Classical Arabic Prose Literature and Adab

Course Code:
15PNMC047
Status:
Course Not Running 2014/2015
Unit value:
1
Taught in:
Full Year

The course is an in-depth study of Arabic prose literature. This literature comprises a very extensive body of texts that has had much influence on non-Arabic literatures in both 'East' and 'West', and been much influenced by them in turn.

Objectives and learning outcomes of the course

At the end of the course students will be familiar with the history, development and critical assessment of the range of themes and styles in the various genres of classical Arabic prose literature. They will have gained a critical understanding of a number of texts selected from classical Arabic prose genres, such as maqama, hikaya, khabar, risala and drama, and an ability to comment on the literary (language, style and narrative) and social (function and cultural and identity politics) dimensions inherent in these texts. An advanced understanding of the workings of the Arabic literary language will have been acquired. Particular attention will be given to notions of "literariness" and the cultural and political role of literature in the Arabic context. Students will also gain familiarity with classical Arabic literary theory and criticism. Students are expected to be able to apply a range of critical theories to the literature in question and to demonstrate this in their course-work essays. Students are also introduced to key concepts of literary theory and given training in applying a variety of critical paradigms to their material. Course-work essays are based on supplementary texts which may be read in English translation, and are expected to take account of relevant critical literature.

Workload

This course will be taught over 22 weeks with 2 hours classroom contact per week.

Scope and syllabus

The course syllabus covers a combination of the following topics:

  1. The emergence of development various genres of writing. 
  2. The rise and growth of adab compendia. 
  3. Anecdotal and narrative forms of storytelling. 
  4. Medieval Arabic drama. 
  5. The language and style of the Maqama.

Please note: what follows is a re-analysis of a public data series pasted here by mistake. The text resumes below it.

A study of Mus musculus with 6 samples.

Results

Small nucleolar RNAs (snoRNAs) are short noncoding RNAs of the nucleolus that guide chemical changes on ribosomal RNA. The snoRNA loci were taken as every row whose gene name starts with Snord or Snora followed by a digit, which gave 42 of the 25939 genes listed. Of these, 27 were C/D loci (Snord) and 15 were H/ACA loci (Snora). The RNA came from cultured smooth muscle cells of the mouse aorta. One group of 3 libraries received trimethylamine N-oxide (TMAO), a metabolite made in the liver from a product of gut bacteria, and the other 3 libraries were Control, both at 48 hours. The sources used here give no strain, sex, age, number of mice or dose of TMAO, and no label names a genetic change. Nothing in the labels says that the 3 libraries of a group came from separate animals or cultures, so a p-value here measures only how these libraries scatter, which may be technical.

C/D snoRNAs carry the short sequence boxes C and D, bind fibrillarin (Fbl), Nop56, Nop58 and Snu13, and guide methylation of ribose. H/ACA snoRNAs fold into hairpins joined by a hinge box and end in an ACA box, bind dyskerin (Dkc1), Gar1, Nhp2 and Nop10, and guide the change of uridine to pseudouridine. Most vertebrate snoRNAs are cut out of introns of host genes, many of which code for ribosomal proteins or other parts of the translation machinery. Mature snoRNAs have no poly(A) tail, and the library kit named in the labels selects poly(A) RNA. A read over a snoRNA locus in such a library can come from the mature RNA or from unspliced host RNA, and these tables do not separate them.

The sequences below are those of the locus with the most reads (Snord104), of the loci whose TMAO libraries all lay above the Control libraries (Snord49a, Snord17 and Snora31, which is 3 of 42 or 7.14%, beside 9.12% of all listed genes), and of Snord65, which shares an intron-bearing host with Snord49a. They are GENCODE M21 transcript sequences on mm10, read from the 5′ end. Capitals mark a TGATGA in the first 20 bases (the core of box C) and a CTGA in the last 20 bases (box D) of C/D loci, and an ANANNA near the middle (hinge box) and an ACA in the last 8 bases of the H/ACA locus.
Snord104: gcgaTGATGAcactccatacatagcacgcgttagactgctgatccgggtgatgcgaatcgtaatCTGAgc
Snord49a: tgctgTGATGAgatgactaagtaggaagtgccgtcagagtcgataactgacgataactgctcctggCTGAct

6. Content and style of classical essay (risala). 

Method of assessment

Two essays of 4000 words each (40% of the total mark), and an essay-type three-hour written examination in May-June (60%)

Suggested reading

  • J. Ashitany, ed., 'Abbasid Belles-Lettres, Cambridge History of Arabic Literature, Vol. II (Cambridge, 1990). 
  • Roger Allen, The Arabic Literary Heritage (Cambridge, 1998). 
  • Mieke Bal, Introduction to the Theory of Narrative, 2nd edition (University of Toronto Press, 1999). 
  • Mikhail Bakhtin, The Dialogic Imagination (University of Texas Press, 1981) and Speech Genres & Other Late Essays (University of Texas Press, 1986). 
  • A.F.L. Beeston, et al, eds., Arabic Literature to the End of the Umayyad Period, Cambridge History of Arabic Literature, Vol. I (Cambridge, 1983). 
  • Gerard Genette, Figures of Literary Discourse, tr., J. E. Lewin (Cornell University Press, 1980). 
  • Jaakko Hameen-Anttila, Maqama: A History of A Genre (Wiesbaden, 2003) 
  • A. Hamori, The Art of Medieval Arabic Literature (Princeton, 1974).
  • Hilary Kilpatrick, The Book of Songs (London, 2003). 
  • Stefan Leder, ed., Story-telling in the Framework of Non-fictional Arabic Literature (Wiesbaden, 1998).
  • M. R. Menocal, et al, eds., The Literature of al-Andalus, Cambridge History of Arabic Literature, Vol. V (Cambridge, 2000). 
  • J. T. Monroe, The Art of Badi' al-Zaman al-Hamadhani (Beirut, n.d.). Shmeul Moreh, Live Theatre and Dramatic Literature in the Medieval Arab World (Eindurgh, 1992). 
  • Wen-chin Ouyang, Literary Criticism in Medieval Arabic Islamic Culture (Edinburgh, 1997). 
  • G. J. van Gelder, Of Dishes and Discourse: Classical Arabic Literary Representation of Food (Richmone, Surrey, 2000). 
  • M. J. L. Young, et al, eds., Religion, Learning and Science in the ‘Abbasid Period, Cambridge History of Arabic Literature, Vol. III (Cambridge, 1990).